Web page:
News

6.13.2017

Students Create App to Lead Patients and Families to Healthy Food on Campus

Motivated by the knowledge that “nutrition is preventive medicine,” three members of the Miller School’s 2019 M.D./M.P.H. class have created a free iPhone app to show patients and families, faculty, staff and trainees the healthy, reasonably priced food options on the medical campus.

“As students of public health, we know it’s important to make healthy and affordable decisions,” said Heather Farthing, one of the students who founded Healthy Hospitals for U last year to create a Health District environment that promotes nutrition and wellness by giving patients, faculty and students the opportunity to make healthy choices.

Their first project was a pamphlet they created with Amy Kimberlain, a nutritionist at the Diabetes Research Institute, listing some of the healthiest menu items on campus, with a map directing people to the restaurants. Calorie counts and carbohydrate and fat content are included.

“We wanted to do more,” said Rebecca Lane, another founder of the app, which is called UM Eats. “We know that knowledge is power.”

They talked to Alex J. Mechaber, M.D., senior associate dean for medical education, who said he was “very happy to support this innovation. The app looks great and is a great way to help promote healthy eating on campus.”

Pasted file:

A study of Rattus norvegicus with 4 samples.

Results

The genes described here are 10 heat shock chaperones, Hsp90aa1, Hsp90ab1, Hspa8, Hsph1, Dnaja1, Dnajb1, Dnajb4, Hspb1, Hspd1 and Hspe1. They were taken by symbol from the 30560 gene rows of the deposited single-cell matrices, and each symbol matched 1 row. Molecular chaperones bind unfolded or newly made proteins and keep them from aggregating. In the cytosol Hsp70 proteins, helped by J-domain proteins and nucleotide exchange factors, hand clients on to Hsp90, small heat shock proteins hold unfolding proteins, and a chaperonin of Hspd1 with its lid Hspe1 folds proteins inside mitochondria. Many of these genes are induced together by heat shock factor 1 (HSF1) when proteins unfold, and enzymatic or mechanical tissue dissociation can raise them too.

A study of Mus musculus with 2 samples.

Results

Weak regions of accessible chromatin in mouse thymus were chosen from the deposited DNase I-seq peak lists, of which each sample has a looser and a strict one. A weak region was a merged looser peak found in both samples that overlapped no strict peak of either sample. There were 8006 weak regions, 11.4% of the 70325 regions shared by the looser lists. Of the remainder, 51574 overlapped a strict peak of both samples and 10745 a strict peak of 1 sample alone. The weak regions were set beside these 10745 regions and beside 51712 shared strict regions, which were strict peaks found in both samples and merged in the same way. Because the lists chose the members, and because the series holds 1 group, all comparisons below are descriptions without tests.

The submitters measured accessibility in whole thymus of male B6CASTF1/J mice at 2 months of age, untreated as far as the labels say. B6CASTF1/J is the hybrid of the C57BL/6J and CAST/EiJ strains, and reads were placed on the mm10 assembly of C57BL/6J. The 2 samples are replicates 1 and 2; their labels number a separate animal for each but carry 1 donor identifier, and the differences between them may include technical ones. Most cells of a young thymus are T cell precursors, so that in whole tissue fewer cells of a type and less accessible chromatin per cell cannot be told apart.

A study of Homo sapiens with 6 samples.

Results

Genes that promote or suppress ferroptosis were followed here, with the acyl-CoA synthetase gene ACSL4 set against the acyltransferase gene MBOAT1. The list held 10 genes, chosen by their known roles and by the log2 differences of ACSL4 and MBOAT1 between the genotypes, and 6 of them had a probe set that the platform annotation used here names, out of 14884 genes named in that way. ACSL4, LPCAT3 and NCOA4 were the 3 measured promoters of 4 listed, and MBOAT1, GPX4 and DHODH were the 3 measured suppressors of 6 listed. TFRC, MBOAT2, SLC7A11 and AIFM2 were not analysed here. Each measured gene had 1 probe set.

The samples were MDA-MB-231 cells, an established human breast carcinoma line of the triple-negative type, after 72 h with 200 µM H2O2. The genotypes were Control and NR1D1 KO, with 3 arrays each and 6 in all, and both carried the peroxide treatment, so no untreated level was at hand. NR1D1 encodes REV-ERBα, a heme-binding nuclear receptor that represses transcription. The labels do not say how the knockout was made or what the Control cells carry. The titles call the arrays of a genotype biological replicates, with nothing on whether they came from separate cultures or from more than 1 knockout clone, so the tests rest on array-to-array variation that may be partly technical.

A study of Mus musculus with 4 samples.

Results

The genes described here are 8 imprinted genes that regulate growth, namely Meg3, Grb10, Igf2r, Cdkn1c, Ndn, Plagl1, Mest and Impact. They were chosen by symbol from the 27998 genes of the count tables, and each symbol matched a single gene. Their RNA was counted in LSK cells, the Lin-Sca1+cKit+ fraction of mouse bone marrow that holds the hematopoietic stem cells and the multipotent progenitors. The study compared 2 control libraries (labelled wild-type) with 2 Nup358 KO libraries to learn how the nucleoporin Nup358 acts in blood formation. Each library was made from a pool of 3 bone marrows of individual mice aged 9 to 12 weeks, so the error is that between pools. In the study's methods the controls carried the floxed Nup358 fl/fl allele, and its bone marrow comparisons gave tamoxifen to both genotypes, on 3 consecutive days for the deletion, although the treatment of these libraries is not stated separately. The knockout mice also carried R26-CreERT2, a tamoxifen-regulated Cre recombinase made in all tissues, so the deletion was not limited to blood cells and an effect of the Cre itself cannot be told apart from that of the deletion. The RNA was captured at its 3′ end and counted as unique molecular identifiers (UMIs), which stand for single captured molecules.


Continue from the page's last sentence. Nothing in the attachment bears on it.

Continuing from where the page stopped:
The students are committed to helping “families and children visiting sick loved ones, residents looking for late-night fuel, and of course our academic colleagues.”

“We want to be the gatekeeper, we want to be the portal,” Lane said. “We want to make sure it stays fun. Having the U behind the message adds weight to it and can change attitudes about healthy eating.”
The app includes other outside sources to guide home meal preparation and tools such as MyPlate for continuing health.

“We wanted to provide resources, education and products to help people make smarter choices,” said Sarah Simko, the third creator of UM Eats, which is available from the Apple app store here.

Josh Hellerstein, a student at MIT, did the coding for the site.